Column box-John Mangun-Outside the Box

Everything we need to know about the future is right before our eyes. Granted we must know where to look but even that is not as challenging as it may seem. The past leads to the present and the present to the future.

The greatest problem is being willing to examine data and trends from the data that go against preconceived notions and personal narratives.

John Kenneth Galbraith once wrote, “Faced with a choice between changing one’s mind and proving there is no need to do so, almost everyone gets busy with the proof.” John Maynard Keynes wrote: “When the facts change, I change my mind.” And those are quotes from two of the most “stubborn” men that ever walked the planet. Both were considered iconoclasts and roundly criticized for their economic concepts, you would be hard pressed to find either one ever saying, “I was wrong.”

It is an “Old Boys/Girls Club” idea that the local stock market tracks the New York market and that is 100 percent accurate, until it doesn’t. The data—daily price changes over a five-year period—shows that the PSE has a 50 percent chance of trading up or down as the Dow Jones did the day before. But what about longer term? On a monthly basis over years, of course both exchanges track each other. The “Crash of 2020” was worldwide. Even the Somalia and Cambodian exchanges crashed in March 2020 “following” the DJIA. Or maybe it was the US that was tracking those markets.

However, despite local Philippine economic conditions, government fiscal and monetary policies, and the overall place in the world economy, I am noticing something that historically is unusual.

Realize that the great financial thinkers are saying that the Dow is ready for a massive decline. They have been saying that for many months and the recent market peak came in August with nearly a 20 percent fall to the September bottom. The PSE did almost the same identical pattern.

But since the early October bottom, the Dow is up 20 percent, with the PSE gaining 15 percent. Superimpose both price charts back to April 2022, and the correlation is too close for comfort.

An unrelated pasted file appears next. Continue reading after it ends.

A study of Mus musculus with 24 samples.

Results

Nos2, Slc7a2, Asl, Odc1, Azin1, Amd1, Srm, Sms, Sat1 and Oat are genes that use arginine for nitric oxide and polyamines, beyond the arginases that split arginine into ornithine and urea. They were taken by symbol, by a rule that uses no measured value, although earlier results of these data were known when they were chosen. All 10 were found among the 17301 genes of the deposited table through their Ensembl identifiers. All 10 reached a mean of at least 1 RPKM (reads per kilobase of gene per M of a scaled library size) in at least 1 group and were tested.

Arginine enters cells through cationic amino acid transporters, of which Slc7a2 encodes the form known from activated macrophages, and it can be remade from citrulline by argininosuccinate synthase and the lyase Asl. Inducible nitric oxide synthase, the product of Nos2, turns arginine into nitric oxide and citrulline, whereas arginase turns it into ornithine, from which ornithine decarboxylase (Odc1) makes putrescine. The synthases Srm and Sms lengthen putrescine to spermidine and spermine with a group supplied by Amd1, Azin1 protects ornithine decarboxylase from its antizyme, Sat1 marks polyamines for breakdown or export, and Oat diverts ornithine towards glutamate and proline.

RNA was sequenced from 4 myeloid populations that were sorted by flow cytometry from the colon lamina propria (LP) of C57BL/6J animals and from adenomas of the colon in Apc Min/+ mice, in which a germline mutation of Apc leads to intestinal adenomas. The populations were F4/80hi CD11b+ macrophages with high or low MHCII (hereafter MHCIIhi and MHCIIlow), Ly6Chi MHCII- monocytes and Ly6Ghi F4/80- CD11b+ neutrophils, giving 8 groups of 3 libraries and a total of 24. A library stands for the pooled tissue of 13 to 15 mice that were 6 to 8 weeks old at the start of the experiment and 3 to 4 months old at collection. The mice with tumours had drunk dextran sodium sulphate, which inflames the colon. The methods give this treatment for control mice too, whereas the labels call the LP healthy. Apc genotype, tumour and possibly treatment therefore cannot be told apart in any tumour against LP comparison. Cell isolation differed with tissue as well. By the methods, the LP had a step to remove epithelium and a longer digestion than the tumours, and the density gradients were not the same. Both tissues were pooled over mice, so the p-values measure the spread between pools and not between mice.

I am not comfortable because looking at global economic growth is like watching a Low-Pressure Area develop into a super typhoon. The latest IMF forecast is for 3.2 percent global growth—from 6 percent in 2021—and 2.7 growth in 2023. The US forecast has gone from 5.7 percent in 2021 to 1.6 percent this year.

The Asean 5—Indonesia, Malaysia, the Philippines, Singapore, and Thailand—is looking at increasing growth to 5.3 percent in 2022 from 3.4 percent in 2021. The Philippines is expected by the Japan Center for Economic Research/Nikkei Asia to be the second strongest behind a lower base 2021 Malaysia coming in year-end 2022 at 6.5 percent.

Two things hammered global economies with inflation in 2022: supply chain problems and high oil prices, which drove shipping costs skyward with equally high food cost. US inflation in June was 9 percent and has come down to 7.7 percent.

Signs of lower consumer/industrial demand is seen in the price of the container freight rate, which peaked in September 2021 at $11,000 and is now at $2,800. The FAO Food Price Index has fallen 15 percent since then with the largest declines being in cereals—notwithstanding the Ukraine war—and vegetable oils.

The interest rate increases were supposed to lower inflation with a gentle effect on economies. It looks like the Fed and other central banks burned the house down to kill the inflation cockroach infestation.

Or, what if with lower oil prices ($115 to $83) and the supply chain smoothing out, the inflation cockroaches were already leaving “naturally”? What if the higher-interest rate “house fire” has only just begun? How bad will global economic growth be in 2023?

The Philippines: Sub-$100 oil prices are very good. Inadequate agricultural policies are very bad. If the US stock market goes down on the back of a bad US economy and if the local market follows that fall, do we blame the US Federal Reserve?

E-mail me at mangun@gmail.com. Follow me on Twitter @mangunonmarkets. PSE stock-market information and technical analysis provided by AAA Southeast Equities Inc.